My questions:

  • Are there implementation guarantees in the stl that vector is, internally, consecutive in memory?
  • Can I safely cast a std::vector to int* and expect that to work?
  • In the case of a vector of vectors, can I still assume this holds true? I would expect the vector to hold other state data, or alignment issues, or maybe something else...
  • What is the best way to approach this? Write a custom 2d data structure that holds an internal, contiguous-in-memory buffer and work with that? I'd have to copy to/from vectors a lot...

Thanks.

    
Note that vector<bool> is an exception to the rule informit.com/guides/content.aspx?g=cplusplus&seqNum=98 –  Motti Sep 7 '09 at 19:03

4 Answers 4

up vote 17 down vote accepted

Are there implementation guarantees in the stl that vector is, internally, consecutive in memory?

As of C++03, yes, a vector is guaranteed to use contiguous storage. (In C++98, there was an accidental loophole so an implementation could hypothetically use non-contiguous storage, but it was fixed in the 2003 revision of the standard - and no implementation actually used non-contiguous storage because it'd be a terrible idea)

Can I safely cast a std::vector to int* and expect that to work?

The usual way is &v[0]. (&*v.begin() would probably work too, but I seem to recall there's some fluffy wording in the standard that makes this not 100% reliable)

No. Why would you expect that to work? A vector is a class. It is not a pointer. It just contains a pointer.

In the case of a vector of vectors, can I still assume this holds true? I would expect the vector to hold other state data, or alignment issues, or maybe something else...

The vector behaves the same whatever you store in it. If you make a vector of vectors, you end up with an object which contains a pointer to a heap-allocated array, where each element is an object which contains a pointer to a heap-allocated array.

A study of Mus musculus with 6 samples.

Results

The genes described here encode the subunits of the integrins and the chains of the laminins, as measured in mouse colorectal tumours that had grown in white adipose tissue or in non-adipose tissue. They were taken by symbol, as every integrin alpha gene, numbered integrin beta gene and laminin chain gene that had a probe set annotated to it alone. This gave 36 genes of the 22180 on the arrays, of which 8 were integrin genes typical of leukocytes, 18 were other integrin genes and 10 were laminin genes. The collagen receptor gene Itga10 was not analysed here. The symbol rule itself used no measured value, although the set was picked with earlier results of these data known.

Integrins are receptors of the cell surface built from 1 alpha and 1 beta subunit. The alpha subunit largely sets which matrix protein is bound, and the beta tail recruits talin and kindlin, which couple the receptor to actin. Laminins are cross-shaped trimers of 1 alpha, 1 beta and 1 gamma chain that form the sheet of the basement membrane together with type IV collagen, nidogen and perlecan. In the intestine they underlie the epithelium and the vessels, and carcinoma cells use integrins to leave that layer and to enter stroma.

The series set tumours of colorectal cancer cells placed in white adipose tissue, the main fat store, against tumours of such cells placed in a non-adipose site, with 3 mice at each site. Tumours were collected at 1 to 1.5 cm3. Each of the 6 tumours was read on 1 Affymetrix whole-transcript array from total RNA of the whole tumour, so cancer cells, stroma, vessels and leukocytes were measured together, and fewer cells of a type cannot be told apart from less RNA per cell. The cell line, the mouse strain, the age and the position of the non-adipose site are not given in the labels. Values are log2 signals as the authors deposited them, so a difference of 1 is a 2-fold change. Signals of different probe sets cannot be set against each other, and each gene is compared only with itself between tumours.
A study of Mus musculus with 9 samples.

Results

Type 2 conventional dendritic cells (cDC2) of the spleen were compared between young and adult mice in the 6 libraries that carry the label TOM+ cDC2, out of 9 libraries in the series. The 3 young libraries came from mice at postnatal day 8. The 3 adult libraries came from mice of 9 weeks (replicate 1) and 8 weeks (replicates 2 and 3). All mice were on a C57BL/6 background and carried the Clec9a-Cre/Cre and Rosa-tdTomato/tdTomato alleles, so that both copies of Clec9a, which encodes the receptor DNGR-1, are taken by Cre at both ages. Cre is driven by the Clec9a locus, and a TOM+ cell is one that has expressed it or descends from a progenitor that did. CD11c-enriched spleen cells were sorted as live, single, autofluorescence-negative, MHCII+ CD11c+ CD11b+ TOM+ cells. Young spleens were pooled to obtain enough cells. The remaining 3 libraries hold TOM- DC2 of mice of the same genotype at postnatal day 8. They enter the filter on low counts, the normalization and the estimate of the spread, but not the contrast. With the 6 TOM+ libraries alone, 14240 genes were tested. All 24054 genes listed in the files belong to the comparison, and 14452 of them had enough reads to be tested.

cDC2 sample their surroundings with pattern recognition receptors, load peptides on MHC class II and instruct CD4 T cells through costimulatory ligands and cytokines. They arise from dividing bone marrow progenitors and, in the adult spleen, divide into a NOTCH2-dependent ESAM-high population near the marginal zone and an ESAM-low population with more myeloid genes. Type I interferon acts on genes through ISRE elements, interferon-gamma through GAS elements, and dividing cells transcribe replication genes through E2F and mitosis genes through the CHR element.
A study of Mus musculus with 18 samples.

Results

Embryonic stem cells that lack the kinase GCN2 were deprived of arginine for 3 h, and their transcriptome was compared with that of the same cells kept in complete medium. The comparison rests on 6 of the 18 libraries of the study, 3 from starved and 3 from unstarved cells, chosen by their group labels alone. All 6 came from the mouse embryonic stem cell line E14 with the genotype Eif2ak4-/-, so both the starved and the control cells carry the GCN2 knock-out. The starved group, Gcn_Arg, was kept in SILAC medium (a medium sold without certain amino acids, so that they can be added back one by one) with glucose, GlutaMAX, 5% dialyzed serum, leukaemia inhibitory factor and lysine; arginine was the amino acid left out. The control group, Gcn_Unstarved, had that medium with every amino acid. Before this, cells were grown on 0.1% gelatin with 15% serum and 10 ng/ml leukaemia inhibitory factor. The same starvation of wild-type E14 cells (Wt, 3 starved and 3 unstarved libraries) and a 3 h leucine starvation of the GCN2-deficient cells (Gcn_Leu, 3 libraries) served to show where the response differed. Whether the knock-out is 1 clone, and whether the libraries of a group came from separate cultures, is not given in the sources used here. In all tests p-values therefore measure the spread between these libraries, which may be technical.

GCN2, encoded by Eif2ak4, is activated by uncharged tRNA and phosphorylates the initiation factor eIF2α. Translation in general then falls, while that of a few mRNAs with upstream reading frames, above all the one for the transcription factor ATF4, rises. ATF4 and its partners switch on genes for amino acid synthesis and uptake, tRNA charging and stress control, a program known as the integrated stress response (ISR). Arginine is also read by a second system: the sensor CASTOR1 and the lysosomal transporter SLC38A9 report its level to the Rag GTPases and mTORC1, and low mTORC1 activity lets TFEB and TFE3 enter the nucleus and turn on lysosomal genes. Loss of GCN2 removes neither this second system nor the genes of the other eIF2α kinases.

As for how you should approach this, it depends on a lot of factors. How big is your total dataset? You might want to have the entire table allocated contiguously. With a vector of vectors, each row is a separate allocation.

    
Boost.MultiArray would do the job for you nicely. Alternatively, I'd just allocate it as a single contiguous array or vector big enough to hold the entire 2d table –  jalf Sep 7 '09 at 12:57
    
True, good point. vector<bool> is just messed up. :) –  jalf Sep 8 '09 at 0:33
    
&*v.begin() works only if the array is non-empty. (dereference end() is undefined behavior and on many platforms will give an assert in debug builds) –  pgast Sep 8 '09 at 7:59
  • Are there implementation guarantees in the stl that vector is,
    internally, consecutive in memory

Yes, it is a dynamic array. Standard guarantees that the objects inside vector are stored consecutively.

  • Can I safely cast a std::vector to int* and expect that to work?

No, but you can use begin() and use that as the pointer.

  • Are there implementation guarantees in the stl that vector is,
    internally, consecutive in memory

No, since vector may contain some internal member variables the whole 2D array will not be continuos memory location

"No, but you can use begin() and use that as the pointer.", that's not generally true, and definitly not guaranteed by the standard. You should always take the address of the dereferenced iterator to get a pointer, so "&*v.begin()" i.s.o. just "v.begin()" –  Pieter Sep 7 '09 at 13:28

Are there implementation guarantees in the stl that vector is, internally, consecutive in memory?

Although I cannot quote the standards here, I have seen code in high-quality libraries assuming this layout (namely, POCO).

Can I safely cast a std::vector to int* and expect that to work?

Specifically, you cannot recast the vector itself. But, I have seen the following code:

std::vector<int> vec;
int* ptr = &vec[0];

In the case of a vector of vectors, can I still assume this holds true? I would expect the vector to hold other state data, or alignment issues, or maybe something else...

You probably cannot cast a vector of vectors to a linear array. Each vector will reserve its own memory range and you cannot expect all of these ranges to be sequencial.

you can't cast an iterator to a pointer –  jalf Sep 7 '09 at 10:24
    
@jalf: Thanks, you're right. I confused &vec[0] with (int*)vec.begin(). –  Ferdinand Beyer Sep 7 '09 at 10:30

You mentioned in a comment that you work with up to 2500x2500xsizeof(double) data. In that case, I would suggest using one single vector instead of vector of vectors. Allocate NxM elements in a vector and wrap it in a class exposing two-dimensional indexing if you wish to. You get all the benefits of vector with minimum overhead and all your data is still in contiguous memory for fast processing.